Calamus Root Cut & Sifted

Calamus Root Cut & Sifted


Combined with other rushes, the sliced root was used as a strewing herb to mask the consequences of poor sanitation and to thatch cottages.

kosher certificate information
Acorus calamus

Calamus Root Cut & Sifted

Calamus root, c/s

quick look

information at a glance
approximate cups to one pound6
originunited states
plant part usedroot
processingcut & sifted

buying & keeping

general guidelines and tips
storage tipsStore in an airtight container in a cool, dark place.
appearance & aromaFibrous with a sweet, spicy scent.


aromaticAdd to potpourri mixture and herbal pillows.
safetyNot for internal use.


cut & sifted
calamus root

Calamus root is NOT recommended for internal use.

formulas & recipes

cut & sifted
calamus root

to come

what else you should know

cut & sifted
calamus root

Sweet flag was used as a strewing herb to hide the odorous consequences of poor sanitation during the middle ages in Europe. In North America, natives chewed on the root as a stimulant much like coffee or cocoa, a practice later adopted by Canadian trappers employed by the Hudson Bay Company.

Sweet flag root contains a group of compounds called asarones, which produce a mild narcotic effect. In fact, calamus root is reputed to be a key ingredient in “flying ointments” used to promote hallucinogenic states of consciousness. It’s interesting to note that while witches of medieval Europe were using calamus to “fly,” members of the North American Cree tribe used the root to "travel great distances without touching the ground."

Although calamus root has been used as a flavoring agent for various beverages, tooth powders and candies, and still is in some parts of the world, use of the root or essential oil as flavoring or food has been banned in the United States since 1968.

Habitat/Range:  Native to India and North America and naturalized in Europe, Australia, Siberia, China, Japan and Indonesia.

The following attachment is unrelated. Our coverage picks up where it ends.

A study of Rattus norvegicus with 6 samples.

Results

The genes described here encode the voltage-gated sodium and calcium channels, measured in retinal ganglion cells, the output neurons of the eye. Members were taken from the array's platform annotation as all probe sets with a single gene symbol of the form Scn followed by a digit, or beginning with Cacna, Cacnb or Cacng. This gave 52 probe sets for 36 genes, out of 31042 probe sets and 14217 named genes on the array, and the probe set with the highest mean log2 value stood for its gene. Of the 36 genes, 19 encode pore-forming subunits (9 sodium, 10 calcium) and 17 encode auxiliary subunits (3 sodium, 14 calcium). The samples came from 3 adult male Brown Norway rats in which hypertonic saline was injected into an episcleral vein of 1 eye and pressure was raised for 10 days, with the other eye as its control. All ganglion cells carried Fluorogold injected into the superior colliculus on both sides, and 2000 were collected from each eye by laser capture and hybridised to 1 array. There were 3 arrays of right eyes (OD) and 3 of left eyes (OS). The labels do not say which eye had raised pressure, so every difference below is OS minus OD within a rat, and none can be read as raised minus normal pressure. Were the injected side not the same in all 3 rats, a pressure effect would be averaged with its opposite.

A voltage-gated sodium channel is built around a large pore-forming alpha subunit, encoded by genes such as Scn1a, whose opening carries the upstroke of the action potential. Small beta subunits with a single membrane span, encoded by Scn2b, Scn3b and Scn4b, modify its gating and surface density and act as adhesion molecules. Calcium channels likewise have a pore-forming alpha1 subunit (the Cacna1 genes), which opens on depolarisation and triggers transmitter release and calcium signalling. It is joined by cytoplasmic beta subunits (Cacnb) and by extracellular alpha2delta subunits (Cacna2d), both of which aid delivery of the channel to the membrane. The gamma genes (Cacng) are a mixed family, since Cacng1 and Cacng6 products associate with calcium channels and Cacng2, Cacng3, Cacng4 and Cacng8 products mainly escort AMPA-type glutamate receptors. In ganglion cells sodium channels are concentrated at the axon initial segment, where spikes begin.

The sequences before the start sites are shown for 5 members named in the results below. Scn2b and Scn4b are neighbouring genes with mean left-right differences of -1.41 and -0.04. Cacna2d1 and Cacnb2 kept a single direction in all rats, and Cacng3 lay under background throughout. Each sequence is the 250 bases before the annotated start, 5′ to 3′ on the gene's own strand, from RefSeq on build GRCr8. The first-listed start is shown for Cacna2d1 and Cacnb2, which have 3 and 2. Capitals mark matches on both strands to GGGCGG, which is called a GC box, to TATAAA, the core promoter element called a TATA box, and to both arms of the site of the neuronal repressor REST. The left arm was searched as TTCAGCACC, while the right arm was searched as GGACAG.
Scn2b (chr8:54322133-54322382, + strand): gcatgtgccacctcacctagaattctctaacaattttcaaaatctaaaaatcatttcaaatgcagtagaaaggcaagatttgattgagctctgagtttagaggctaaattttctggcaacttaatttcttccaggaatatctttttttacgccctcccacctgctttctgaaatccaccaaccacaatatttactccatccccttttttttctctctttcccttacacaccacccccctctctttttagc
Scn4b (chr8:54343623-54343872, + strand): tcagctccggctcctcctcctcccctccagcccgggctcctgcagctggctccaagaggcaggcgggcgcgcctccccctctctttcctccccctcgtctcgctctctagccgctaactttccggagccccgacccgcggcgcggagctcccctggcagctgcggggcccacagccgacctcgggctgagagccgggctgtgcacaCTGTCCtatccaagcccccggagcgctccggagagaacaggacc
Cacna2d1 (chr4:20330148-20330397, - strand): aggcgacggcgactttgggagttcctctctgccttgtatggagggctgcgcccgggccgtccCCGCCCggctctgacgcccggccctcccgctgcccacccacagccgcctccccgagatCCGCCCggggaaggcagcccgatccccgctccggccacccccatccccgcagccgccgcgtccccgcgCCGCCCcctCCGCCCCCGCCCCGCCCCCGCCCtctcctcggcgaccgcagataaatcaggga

Description:  Calamus produces tiny green flowers, but does not bear fruit. The leaves are stem-less, shaped like spears and arranged in dual rows. The rhizome yields and oil that is highly fragrant and imparts a bitter flavor.

Parts Used:  Rhizomes

Traditional Uses:  Calamus has been used for centuries by various North American peoples, such as the Penobscot tribe of Canada and the Potawatomi people of the upper Mississippi River region of the United States. In Medieval Europe, the herb was strewn across floors to mask the offensive odors of poor sanitation and was used as roofing thatch.  I.

Chemical Composition:  Calamus root contains a volatile oil called asarone, including alpha, beta and gamma types. Other chief constituents found in the rhizome include  ZZ-Deca-4, 7-dienal and acorone, the agents responsible for the herb’s fragrance and bitter taste, respectively, Additional active chemicals found in the essential oil are methyl isoeugenol and cyclohexanone .

Pharmacological Actions:  The anti-ulcerative effect associated with this herb may also be due to this agent. Animal studies also indicate that calamus may have cardioprotective effects. For example, the June 22, 2011 issue of “Cardiovascular Toxicology” published a study in which calamus rhizome extract significantly lessened symptoms of isoproterenol-induced cardiomyopathy in rats.

Safety: According to the PDR for Herbal Medicines, there are no known health hazards or side effects associated with therapeutic dosages of calamus root. However, the editors caution that long-term use is not advised since malignant tumor formation was observed in rats that received a tetraploid strain of calamus oil for an extended time. As with all medicines, do not use this herb to self-treat any condition if you have a chronic condition, use other medications or are pregnant or nursing.


This information has not been evaluated by the Food and Drug Administration.
This information is not intended to diagnose, treat, cure, or prevent any disease.

please be advised: 
you should always consult with your doctor
before making any changes to your diet!!